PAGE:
Recently, a federal judge found a Detroit food distributor in contempt of court for failing to pay previous payroll tax liability to resolve a sexual discrimination case under the U.S. Equal Employment Opportunity Commission (EEOC). Previously, the court had ordered the payment as a consent decree in a lawsuit against the company. Furthermore, the court had found that the company’s failure constituted a flagrant disregard of the consent decree. In a similar case, the EEOC successfully sued a national furniture company for sexual discrimination against female applicants.

Brief Overview of the Sexual Discrimination Case

On September 27th, 2016, the EEOC filed suit against the company in the U.S. District Court for the Northern District of Ohio. In EEOC v. Sherwood Food Distributors, LLC, the EEOC alleged that Sherwood Food Distributors had discriminated against female applicants. Such discrimination had occurred at the defendant, Sherwood Food Distributors, locations in both Cleveland and Detroit. In short, the defendant allegedly refused to hire women for entry-level positions at those locations. In sum, the EEOC recognized 373 eligible claimants to receive awards from the court’s decision. Under the original consent decree, the court ordered the defendant to pay $3.6 million into a settlement fund. Subsequently, payments would be distributed from that fund to the applicants.

Title VII of the Civil Rights Act of 1964

Unquestionably, Title VII of the Civil Rights Act of 1964 prohibits employment discrimination based on race, color, religion, sex (including pregnancy, sexual orientation, and gender identity), and national origin. Indeed, the law makes it clear that is unlawful for an employer to fail or refuse to hire or to discharge any individual, or otherwise to discriminate against any individual with respect to his or her compensation, terms, conditions, or privileges of employment, because of the individual’s race, color, religion, sex, or national origin.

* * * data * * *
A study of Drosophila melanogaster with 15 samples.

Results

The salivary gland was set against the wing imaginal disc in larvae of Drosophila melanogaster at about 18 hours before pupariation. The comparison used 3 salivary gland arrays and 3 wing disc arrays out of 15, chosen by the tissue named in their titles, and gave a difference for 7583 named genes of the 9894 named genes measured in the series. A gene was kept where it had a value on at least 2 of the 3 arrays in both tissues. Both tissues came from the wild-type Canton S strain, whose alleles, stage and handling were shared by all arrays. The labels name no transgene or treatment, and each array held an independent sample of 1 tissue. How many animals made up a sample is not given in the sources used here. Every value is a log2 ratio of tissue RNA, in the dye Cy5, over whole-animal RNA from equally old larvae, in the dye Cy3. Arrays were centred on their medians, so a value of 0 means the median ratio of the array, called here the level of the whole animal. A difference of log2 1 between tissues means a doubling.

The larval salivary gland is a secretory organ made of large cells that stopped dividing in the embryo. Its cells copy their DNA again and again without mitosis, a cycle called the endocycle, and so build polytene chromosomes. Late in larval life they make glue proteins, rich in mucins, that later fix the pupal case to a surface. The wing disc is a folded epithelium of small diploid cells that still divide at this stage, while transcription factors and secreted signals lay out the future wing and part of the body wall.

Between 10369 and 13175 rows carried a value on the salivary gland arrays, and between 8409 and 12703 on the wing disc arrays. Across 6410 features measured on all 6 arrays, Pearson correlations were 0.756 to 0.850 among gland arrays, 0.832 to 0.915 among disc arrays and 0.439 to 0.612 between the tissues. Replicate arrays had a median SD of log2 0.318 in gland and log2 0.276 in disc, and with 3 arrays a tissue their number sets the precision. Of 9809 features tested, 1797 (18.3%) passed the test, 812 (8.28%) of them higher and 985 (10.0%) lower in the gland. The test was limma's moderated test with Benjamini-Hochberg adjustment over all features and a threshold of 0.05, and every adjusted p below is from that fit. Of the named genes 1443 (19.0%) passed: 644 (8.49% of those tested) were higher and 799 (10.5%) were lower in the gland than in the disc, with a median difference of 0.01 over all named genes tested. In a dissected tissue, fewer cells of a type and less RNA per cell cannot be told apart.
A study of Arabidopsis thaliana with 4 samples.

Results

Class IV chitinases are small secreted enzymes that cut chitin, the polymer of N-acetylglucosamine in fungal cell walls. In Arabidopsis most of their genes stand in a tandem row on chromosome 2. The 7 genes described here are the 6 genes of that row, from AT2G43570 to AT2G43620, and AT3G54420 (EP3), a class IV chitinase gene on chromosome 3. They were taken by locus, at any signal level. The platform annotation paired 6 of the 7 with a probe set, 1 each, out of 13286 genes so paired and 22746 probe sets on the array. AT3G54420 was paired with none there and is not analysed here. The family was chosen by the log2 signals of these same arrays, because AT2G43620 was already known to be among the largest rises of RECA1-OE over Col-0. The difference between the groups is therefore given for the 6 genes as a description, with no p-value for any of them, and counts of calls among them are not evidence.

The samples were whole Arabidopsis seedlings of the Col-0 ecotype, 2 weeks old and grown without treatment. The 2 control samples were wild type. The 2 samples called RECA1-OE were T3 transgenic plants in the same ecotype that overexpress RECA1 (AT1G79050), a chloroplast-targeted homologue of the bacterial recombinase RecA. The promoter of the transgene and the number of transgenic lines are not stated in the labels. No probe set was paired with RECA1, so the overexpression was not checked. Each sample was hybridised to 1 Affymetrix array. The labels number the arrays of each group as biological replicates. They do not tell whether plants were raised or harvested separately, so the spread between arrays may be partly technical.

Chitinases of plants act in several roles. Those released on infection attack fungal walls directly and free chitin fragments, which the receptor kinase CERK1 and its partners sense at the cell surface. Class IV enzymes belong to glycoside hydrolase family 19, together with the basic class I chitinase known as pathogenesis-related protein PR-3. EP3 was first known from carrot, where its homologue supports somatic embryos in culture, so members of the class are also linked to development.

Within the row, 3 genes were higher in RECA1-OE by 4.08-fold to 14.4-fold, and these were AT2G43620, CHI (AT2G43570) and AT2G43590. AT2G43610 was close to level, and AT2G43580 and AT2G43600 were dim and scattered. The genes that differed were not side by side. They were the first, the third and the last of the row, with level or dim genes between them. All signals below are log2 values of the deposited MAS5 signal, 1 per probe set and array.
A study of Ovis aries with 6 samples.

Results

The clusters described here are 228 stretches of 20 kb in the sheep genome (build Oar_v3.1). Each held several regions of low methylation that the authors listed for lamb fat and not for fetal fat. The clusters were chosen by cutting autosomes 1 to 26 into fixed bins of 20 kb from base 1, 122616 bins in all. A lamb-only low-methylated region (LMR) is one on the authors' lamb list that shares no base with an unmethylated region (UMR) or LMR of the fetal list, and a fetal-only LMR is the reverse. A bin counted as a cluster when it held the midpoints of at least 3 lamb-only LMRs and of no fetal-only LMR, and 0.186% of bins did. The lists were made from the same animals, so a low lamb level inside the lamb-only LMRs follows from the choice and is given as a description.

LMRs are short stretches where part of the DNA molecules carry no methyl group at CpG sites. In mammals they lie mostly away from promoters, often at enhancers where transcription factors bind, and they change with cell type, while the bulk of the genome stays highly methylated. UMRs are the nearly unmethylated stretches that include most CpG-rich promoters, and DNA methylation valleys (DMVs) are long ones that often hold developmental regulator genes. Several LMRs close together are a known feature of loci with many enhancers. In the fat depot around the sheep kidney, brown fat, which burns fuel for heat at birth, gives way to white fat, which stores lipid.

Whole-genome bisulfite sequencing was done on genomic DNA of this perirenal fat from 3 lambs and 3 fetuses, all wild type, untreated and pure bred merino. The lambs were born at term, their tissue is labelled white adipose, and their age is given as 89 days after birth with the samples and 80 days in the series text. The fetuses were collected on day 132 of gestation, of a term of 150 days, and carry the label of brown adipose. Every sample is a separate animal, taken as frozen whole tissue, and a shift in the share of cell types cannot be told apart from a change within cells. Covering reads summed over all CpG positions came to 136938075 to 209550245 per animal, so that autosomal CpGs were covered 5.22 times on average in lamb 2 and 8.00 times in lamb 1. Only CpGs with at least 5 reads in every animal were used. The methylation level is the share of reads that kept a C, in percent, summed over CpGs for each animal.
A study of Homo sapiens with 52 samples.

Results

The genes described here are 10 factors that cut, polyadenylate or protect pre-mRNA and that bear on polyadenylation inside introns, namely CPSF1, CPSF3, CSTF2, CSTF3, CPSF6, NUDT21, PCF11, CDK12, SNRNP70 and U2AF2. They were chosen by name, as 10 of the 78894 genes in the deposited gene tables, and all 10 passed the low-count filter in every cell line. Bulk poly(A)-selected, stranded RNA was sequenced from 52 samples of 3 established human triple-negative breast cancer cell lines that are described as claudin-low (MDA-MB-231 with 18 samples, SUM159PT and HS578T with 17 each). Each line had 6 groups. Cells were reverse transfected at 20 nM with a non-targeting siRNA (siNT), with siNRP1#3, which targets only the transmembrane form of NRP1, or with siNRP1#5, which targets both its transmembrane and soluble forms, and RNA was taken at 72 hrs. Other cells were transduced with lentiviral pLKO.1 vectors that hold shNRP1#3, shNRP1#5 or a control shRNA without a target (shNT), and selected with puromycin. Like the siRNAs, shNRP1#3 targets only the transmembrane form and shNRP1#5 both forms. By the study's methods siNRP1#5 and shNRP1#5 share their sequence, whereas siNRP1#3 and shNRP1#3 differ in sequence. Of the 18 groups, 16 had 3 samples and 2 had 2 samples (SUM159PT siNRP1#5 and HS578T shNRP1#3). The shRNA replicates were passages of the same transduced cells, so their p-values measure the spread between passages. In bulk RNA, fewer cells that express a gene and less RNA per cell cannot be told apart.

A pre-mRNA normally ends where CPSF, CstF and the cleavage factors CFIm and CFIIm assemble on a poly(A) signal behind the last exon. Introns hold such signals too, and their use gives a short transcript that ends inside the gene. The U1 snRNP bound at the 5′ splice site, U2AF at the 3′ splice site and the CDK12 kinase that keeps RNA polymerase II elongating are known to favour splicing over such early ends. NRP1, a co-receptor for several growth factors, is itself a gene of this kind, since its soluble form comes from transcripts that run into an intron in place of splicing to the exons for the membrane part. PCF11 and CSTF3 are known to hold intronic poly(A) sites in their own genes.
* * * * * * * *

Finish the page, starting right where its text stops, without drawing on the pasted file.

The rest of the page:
The Court’s Decision

Under the original 5-year consent decree entered by Judge Donald C. Nugent on October 16th, 2018, the defendant was supposed to send back-pay checks from the settlement fund to eligible claimants by December 14th, 2021. However, the defendant failed to comply with the order to pay its payroll tax liability. What’s more, Judge Nugent found that the defendant did so knowingly, with intent to delay compliance with the decree.

Meanwhile, the court rejected the defendant’s arguments that they had tried to negotiate an extended payment schedule with the EEOC. Rather, Judge Nugent felt that they did not take reasonable steps to comply, explaining, “Attempting to negotiate an extension ten days before a deadline that Defendant has been aware of for more than three years is insufficient.” Therefore, Judge Nugent found the defendant in contempt of court.

Company Must Pay Over $400,000

In the end, Judge Nugent ordered the defendant to pay the full amount of its payroll tax liability within 30 days. In sum, the payments include:

  • $362,000 in original payroll taxes owed, and
  • $46,249.23 more in taxes compared to what the defendant would have paid if they had not delayed.

Finally, should the defendant again fail to make a timely payroll tax payment, they must comply with a financial review by a third-party accountant.